Properly Tethering Your Tools

Falling tools and objects on work sites cause a significant number of injuries and deaths. That’s why the American National Standards Institute and International Safety Equipment Association (ANSI/ISEA) have recently released new guidelines and standards to try to limit these easily avoided injuries. However, staying up-to-date on changes like this can be a challenge if you’re in the middle of a project or have incorporated past guidelines into your process. We’re here to help! The team at Williams Equipment & Supply can help you adhere to the new dropped object standards and properly tether your tools. 

What Counts as a Dropped Object? 

Here’s how a “dropped object” is defined: 

  1. An object that falls from a height by its own weight and gravity, or
  2. An object that falls from a height due to contact with an energy source.

It’s important to remember that even small objects can cause significant harm. According to the Dropped Object Prevention Scheme (DROPS), and object that weighs less than three pounds can be fatal if it’s from a height of 30 feet. 

DROPS uses the following classifications for the consequences of a dropped object: 

Light: A First Aid Case. No injury, or the injury is limited. First aid may be the only treatment needed.

Minor: A Recordable Incident. A work-related injury that does not involve death, day(s) away from work, restricted work or job transfer, and where the employee receives medical treatment beyond first aid.

Major: A Lost Time Incident (LTI). This is a nonfatal traumatic injury that causes any loss of time from work beyond the day or shift it occurred. A major incident is also referred to as Day Away From Work Case (DAFWC).

Fatality: Death resulting from an injury or trauma.

* Information taken from the Dropped Object Prevention Scheme 

What Are the New ANSI/ISEA Dropped Object Standards?

The requirements of this standard will create formal distinction of a proper tethering system compared to duct tape and string and other inferior solutions. ANSI/ISEA 121 is to dropped object prevention equipment what ANSI Z359 is to fall protection equipment.

The ANSI/ISEA requirement is that the weight of the rated tool attachment is greater than or equal that of the tool. Additionally, the tether weight limit and anchor weight limit must be equal to or greater than the weight allowance of the tool attachment. 

Regarding tethering, tool attachments and anchor point have a maximum lanyard length based on the length of the lanyard test. Tethers additionally have a maximum length. This means that on top of the tool length, you need to make sure that the tool attachment and anchor points have a maximum tether length that is less than or equal to the tether being used. 

How to Properly Tether Your Tools 

Tethering simply refers to the process of securing a tool or piece of equipment to an anchor point using a retention device that has been approved. Tools under 5 lbs. can be tethered to a worker or structure using a variety of lanyards. Lightweight tools can be secured to your wrist with a lanyard intended for that purpose. 

Coil lanyards and retractable lanyards keep any extra tether length contained, so it’s less likely for the device to snap and tangle, causing additional hazards. Traditional Lanyards are the most common option and can be used to tether small tools to a worker, or large tools and equipment (up to 80 lbs.) to a secure structural anchor point. Traditional Lanyards use a predetermined length to secure tools and equipment.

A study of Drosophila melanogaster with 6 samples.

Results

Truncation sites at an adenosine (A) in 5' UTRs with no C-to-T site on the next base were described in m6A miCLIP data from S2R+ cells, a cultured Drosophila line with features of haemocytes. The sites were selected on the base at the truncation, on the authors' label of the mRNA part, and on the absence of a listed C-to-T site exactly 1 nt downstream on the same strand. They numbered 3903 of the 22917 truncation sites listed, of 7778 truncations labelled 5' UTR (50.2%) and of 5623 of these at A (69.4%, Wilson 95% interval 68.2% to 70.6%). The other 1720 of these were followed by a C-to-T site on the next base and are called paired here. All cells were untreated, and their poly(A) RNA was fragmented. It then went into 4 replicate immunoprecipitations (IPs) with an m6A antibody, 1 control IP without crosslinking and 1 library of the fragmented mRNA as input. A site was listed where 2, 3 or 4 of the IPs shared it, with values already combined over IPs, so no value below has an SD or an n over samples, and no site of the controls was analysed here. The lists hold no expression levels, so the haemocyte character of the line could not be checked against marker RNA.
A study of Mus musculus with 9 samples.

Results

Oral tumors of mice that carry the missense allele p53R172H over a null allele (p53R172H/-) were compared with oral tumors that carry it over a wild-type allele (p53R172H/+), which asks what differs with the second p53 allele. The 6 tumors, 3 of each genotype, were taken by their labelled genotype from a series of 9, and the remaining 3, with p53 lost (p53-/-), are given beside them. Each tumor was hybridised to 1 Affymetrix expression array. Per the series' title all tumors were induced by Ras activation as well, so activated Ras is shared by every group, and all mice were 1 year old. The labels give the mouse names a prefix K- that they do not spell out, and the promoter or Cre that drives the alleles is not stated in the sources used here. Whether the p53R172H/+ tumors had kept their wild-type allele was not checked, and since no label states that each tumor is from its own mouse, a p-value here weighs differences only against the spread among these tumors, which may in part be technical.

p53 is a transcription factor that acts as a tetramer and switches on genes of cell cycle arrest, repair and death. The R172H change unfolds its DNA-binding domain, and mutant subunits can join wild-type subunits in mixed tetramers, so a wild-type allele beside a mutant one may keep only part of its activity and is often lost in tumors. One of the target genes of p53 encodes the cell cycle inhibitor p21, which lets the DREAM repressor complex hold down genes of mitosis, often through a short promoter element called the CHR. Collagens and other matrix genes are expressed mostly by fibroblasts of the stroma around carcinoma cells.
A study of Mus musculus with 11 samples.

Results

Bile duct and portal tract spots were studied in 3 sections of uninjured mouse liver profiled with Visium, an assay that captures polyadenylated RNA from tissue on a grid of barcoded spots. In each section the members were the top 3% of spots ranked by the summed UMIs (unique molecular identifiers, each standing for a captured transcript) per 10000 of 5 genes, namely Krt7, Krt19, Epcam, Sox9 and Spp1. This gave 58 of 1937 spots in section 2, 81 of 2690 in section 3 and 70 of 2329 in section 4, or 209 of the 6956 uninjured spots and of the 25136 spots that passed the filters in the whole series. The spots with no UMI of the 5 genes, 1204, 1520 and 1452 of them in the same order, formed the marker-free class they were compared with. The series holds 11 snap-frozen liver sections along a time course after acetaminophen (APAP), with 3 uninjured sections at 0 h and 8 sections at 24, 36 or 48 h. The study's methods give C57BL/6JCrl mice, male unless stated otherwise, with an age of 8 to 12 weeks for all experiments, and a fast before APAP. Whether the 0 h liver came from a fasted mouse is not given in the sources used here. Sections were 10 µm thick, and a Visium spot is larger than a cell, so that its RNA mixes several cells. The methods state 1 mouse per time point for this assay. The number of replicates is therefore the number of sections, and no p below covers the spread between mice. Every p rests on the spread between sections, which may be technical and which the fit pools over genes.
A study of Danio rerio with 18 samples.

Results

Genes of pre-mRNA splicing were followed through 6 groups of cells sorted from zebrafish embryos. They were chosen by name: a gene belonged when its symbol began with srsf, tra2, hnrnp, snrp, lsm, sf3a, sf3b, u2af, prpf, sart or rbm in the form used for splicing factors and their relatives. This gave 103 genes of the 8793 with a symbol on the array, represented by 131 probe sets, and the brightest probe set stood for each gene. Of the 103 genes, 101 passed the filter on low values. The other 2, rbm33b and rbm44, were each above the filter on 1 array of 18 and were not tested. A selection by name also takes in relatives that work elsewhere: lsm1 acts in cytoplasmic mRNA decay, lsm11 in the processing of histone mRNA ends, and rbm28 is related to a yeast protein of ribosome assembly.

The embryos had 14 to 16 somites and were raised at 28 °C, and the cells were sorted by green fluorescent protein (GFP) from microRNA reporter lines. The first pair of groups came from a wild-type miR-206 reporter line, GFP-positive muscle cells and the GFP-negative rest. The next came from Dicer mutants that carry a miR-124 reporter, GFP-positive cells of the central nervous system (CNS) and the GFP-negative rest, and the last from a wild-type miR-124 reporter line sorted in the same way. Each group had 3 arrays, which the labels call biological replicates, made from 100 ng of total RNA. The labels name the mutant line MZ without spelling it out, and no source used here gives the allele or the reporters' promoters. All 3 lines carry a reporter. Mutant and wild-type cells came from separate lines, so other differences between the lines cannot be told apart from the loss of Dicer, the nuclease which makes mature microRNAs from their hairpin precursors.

Tools that weigh more than 5 pounds should never be attached to a worker. The force of a dropped tool can dislocate a wrist or shoulder, or throw the worker off balance and cause them to fall. Energy-absorbing lanyards can reduce the dynamic force put on a person or other anchor resulting from a drop.

What You Should Do to Ensure Safety 

Just like any preventative measure, putting together a dropped objects prevention solution takes a little planning. Here are some things to think about when you’re selecting attachment points, tethers or containers. 

  • The location or type of tool attachment should not interfere with the use of the tool. If the attachment needs to be attached to the handle of the tool, make sure the tool can still be used normally. The attachment point should not increase the potential risk of dropping the tool.
  • Select your anchor attachment points based on preference. Attachment points can be structure, waist, or wrist. 
  • Always use the shortest tool tether possible. It may seem convenient to get a handful off tethers that are all the same size, but keeping tether short reduces the chance that they’ll get tangled or stuck in moving or rotating equipment. Bungie or retractable Tool Tethers keep material tight to the body and do not sag when the tool is in use.
  • Know and adhere to tool tether weight limits as described by the Standard for Dropped Objects Understanding ANSI/ISEA 121-2018.
  • Try to limit to tool weight to six pounds per tool tether when you’re connecting it to your body. The heavier the tool, the greater the chance that the worker will be thrown off balance if the tool is dropped. Consider the potential effects on a worker’s balance if a six pound grinder were dropped at arm’s length and was attached to the worker’s wrist versus their waist.
  • Make sure to inspect all dropped objects solutions before each use, and replace them as soon as you recognize an issue. 

Properly Tethering Your Tools

Williams is Helping You Stay Safe 

Williams Equipment & Supply strives to be a partner to our customers. We’re passionate about providing contractors the most innovative, hard-working products on the market, and this is especially a priority when it comes to safety products.  We work closely with our suppliers to ensure that we have the products and information necessary to help our customers choose the best safety equipment for their jobsite.